Kochi: The Kerala government on Monday said a college student here is suspected to have been infected with the Nipah virus but a final confirmation is awaited from the National Institute of Virology in Pune.
The Kerala Health Department has initiated precautionary measures to deal with the possible outbreak of Nipah virus.
State Health Minister K K Shailaja said in Thiruvananthapuram that the 23-year-old college student, who has been admitted to a private hospital here, is suspected to have been infected with the Nipah virus but a final confirmation is awaited from the National Institute of Virology in Pune. She said isolation wards have been set up at the Kalamassery Medical College Hospital in Kochi.
Although the state government is awaiting a report from the Pune Virology Institute to confirm if the student has contracted the Nipah virus, the Health department in the state has geared up to deal with a possible outbreak, officials said here.
A meeting of officials of the Health Department and Ernakulam district authorities held here reviewed the situation. It was chaired by Principal Secretary (Health), Rajan Khobragade. A team of medical experts, who have experience in dealing with the situation, have been rushed to Ernakulam from Kozhikode, officials said after the meeting.
A senior district health official said "good news" is being received from doctors attending on the student at the hospital.He had taken food in the morning and is responding to medicines, the official said.
Ernakulam district Collector Mohammed Y Saffirulla said steps have been taken for capacity building at government and private hospitals to deal with the situation. Surveillance teams have been constituted to follow the suspected cases of Nipah.
A facility to quarantine patients with suspected case of Nipah has been arranged at the Government Medical College, Kalamassery, he said. A control room would be opened at the district headquarters apart from a media cell to provide information to the media, he added.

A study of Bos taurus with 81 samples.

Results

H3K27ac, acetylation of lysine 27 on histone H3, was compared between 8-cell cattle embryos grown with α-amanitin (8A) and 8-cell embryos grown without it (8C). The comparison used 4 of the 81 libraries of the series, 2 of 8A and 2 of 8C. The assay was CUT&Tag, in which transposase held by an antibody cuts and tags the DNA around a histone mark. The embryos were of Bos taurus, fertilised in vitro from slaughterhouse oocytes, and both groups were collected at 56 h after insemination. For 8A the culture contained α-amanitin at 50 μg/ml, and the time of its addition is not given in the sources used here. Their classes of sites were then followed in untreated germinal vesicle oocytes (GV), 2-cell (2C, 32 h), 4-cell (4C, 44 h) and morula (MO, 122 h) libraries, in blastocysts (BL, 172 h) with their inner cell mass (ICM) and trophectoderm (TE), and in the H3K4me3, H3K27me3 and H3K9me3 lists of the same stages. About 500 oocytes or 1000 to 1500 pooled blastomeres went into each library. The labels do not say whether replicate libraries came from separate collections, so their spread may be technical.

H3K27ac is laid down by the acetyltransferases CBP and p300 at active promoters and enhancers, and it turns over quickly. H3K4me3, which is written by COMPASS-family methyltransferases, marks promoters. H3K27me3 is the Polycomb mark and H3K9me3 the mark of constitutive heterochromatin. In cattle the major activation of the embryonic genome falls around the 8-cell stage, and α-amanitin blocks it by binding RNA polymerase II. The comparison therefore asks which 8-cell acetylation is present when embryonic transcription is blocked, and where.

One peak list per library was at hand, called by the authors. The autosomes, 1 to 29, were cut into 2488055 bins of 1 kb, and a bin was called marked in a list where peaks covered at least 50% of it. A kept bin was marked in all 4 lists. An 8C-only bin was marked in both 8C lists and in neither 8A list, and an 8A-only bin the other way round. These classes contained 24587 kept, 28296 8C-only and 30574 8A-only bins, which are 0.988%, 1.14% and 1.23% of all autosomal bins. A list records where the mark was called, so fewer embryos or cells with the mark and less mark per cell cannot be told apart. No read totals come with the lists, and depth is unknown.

Assuming that the student has contracted the Nipah virus, Health authorities have directed the people with whom the student had contacted to report to the nearest medical facility if they develop influenza-like symptoms like fever, headache, myalgia (muscle pain), vomiting and sore throat.
Health authorities in Thrissur said the student who was suffering from fever had sought medical assistance at two private hospitals in Thrissur city when he had come here for a training programme recently as part of his course. He is studying in Thodupuzha in Idukki district.
Thrissur District Medical Officer, Dr Reena, said six persons, who had been in direct contact with the student, were currently under observation. Besides, the people who contacted the student were also under watch, the DMO said. She said the student was in Thrissur only for four days and had been suffering from fever.
There were 16 other students with him and six of them, who came in direct contact with him, were under observation, she added. Idukki district medical authorities said the college in Thodupuzha, where the student is studying, is also under observation.
Officials said the family and neighbours of the young man, who hails from Ernakulam district were also under observation as was the college in Thodupuzha, where the student is studying.
The Health minister said there was no need for people to panic as the government has taken all precautionary measures and asked all private hospitals to inform them if suspected cases were reported.
On May 19, 2018, Nipah virus disease (NiV) outbreak was reported from Kozhikode in Malappuram district. As per state government figures, the Nipah virus had claimed 17 lives -- 14 in Kozhikode and three in neighbouring Malappuram in May last year.
According to the WHO, Nipah virus is a newly emerging disease that can be transmitted from its reservoir (natural wildlife host), the flying foxes (fruit bats), to both animals and humans. It takes its name from Sungai Nipah, a village in Malaysia where it was first identified.
Human infections can range from asymptomatic infection, acute respiratory infection (mild, severe), and fatal encephalitis. Infected people initially develop influenza-like symptoms of fever, headache, myalgia, vomiting and sore throat.
This can be followed by dizziness, drowsiness, altered consciousness, and neurological signs that indicate acute encephalitis. Some people can also experience atypical pneumonia and severe respiratory problems, including acute respiratory distress.
Encephalitis and seizures occur in severe cases, progressing to coma within 24 to 48 hours. The WHO said, "In the outbreak in Kerala, we are seeing patients with encephalitis, myocarditis and acute respiratory infection."